No mobile device is completely free from the danger of overheating or even exploding, and safe battery design is becoming increasingly important.
A Palm Harbor, Florida woman is looking for answers after her iPhone 6 Plus exploded at her bedside while charging in the middle of the night, according to a recent report out of NBC affiliate WFLA.
Amanda Bentz says she was awakened at 3 a.m. when her smartphone went up in flames right next to her face, depositing soot all over the nightstand and singeing her pillow case, bedspread, and curtains. Bentz says her husband, Kyle, quickly smothered the “fireworks” with a T-shirt — rendering her iPhone a smoldering pile of aluminum and melted plastic.
Thankfully, that was the only damage.
“If he wouldn’t have woken up right then and there,” Bentz said, “and like immediately came to and put it out, it would have caught the curtain on fire, and then the bed.”
An Apple spokesman thanked WFLA and Bentz for bringing the issue to their attention, and stated the company is investigating the matter. Apple has offered Bentz a replacement 6 Plus, putting a $749 hold on her credit card worth the full cost of a new device, which the company says it will return when she sends the burned iPhone back.
News of iPhones exploding is rare, though some unsubstantiated reports have cropped up since Samsung recalled its Galaxy Note 7 for similar reasons, citing malfunctioning battery components and manufacturing errors as the culprits. The South Korean company launched a monthslong internal probe to determine precisely why its flagship device was overheating and, in some cases, bursting into flames.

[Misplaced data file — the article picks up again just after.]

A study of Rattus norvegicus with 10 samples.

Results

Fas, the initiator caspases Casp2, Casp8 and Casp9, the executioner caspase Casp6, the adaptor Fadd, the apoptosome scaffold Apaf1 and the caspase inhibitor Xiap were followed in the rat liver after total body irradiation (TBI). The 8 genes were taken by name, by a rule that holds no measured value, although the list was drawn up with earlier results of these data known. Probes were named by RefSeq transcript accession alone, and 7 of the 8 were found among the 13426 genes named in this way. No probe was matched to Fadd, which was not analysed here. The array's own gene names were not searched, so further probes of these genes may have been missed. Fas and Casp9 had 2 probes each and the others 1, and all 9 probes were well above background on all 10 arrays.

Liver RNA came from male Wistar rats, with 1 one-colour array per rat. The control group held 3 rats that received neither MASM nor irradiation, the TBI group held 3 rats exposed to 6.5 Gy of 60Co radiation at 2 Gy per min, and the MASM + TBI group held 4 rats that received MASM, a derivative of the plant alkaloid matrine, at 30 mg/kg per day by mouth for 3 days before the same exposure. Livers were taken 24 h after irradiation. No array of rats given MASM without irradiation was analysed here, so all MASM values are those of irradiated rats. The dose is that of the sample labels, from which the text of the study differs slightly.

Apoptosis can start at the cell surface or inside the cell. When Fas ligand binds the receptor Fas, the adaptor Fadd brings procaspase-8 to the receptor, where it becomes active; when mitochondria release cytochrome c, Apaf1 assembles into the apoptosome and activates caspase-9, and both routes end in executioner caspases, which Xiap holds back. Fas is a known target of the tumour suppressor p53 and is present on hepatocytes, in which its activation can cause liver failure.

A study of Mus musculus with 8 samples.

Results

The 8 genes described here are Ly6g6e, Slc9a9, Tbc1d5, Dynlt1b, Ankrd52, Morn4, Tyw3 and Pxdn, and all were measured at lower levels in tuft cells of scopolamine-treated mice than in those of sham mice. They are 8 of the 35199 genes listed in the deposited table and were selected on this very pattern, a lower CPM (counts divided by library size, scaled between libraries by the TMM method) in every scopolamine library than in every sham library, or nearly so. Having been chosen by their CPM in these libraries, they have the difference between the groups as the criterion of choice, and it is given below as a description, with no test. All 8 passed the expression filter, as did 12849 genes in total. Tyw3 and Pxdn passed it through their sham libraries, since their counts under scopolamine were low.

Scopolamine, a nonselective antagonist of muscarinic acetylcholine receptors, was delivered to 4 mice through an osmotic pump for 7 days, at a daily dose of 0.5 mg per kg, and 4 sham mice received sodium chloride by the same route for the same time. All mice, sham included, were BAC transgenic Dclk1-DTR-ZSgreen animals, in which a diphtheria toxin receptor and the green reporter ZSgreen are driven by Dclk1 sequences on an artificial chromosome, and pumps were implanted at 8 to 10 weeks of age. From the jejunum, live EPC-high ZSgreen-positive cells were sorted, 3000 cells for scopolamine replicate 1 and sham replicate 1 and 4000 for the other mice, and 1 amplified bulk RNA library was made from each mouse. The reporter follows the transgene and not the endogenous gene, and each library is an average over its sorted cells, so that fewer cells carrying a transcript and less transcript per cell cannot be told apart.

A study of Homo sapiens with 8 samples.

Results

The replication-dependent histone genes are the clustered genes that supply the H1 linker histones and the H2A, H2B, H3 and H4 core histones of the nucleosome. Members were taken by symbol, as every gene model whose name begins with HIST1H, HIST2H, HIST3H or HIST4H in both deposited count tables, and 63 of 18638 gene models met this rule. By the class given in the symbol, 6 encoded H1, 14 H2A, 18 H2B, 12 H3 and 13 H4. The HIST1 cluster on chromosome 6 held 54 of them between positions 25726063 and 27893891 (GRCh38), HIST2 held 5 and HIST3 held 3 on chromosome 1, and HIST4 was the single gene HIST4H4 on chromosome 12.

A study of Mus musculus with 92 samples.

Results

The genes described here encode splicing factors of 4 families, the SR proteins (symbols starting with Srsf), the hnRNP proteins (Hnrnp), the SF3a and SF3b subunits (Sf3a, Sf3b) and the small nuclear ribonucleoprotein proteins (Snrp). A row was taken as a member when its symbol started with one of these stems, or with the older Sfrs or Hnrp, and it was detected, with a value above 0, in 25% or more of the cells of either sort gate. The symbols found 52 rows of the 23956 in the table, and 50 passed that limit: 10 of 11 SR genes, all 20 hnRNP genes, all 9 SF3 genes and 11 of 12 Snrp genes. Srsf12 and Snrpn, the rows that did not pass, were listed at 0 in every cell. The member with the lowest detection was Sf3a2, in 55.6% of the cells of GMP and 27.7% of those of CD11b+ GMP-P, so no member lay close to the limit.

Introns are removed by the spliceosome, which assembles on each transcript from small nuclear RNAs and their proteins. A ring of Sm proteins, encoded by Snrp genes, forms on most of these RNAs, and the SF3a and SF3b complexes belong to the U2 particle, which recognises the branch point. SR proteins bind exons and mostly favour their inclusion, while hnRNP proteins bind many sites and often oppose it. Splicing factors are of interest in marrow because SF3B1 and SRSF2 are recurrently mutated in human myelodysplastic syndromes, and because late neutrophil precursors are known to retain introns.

Samsung tested 200,000 devices and reported it was able to reproduce the problems observed in consumer devices. Since then, it has pledged to implement an eight-point battery inspection process for future products, including the upcoming Galaxy S8.
While all devices containing lithium ion batteries technically pose the risk of what experts call a “thermal runaway” — the exponential, uncontrollable buildup of heat that can occur, for example, when the negative and positive electrodes of a battery come into physical contact with one and another — manufacturers can mitigate that risk with careful design and testing, as well as emerging technologies, like equipping batteries with flame-retardant chemicals.
The never-ending demand for mobile devices that are simultaneously smaller and smarter has placed a burden on power consumption, causing manufacturers to fill every millimeter of available space with batteries — which is potentially putting customers’ safety in jeopardy, and making quality assurance more important than ever before.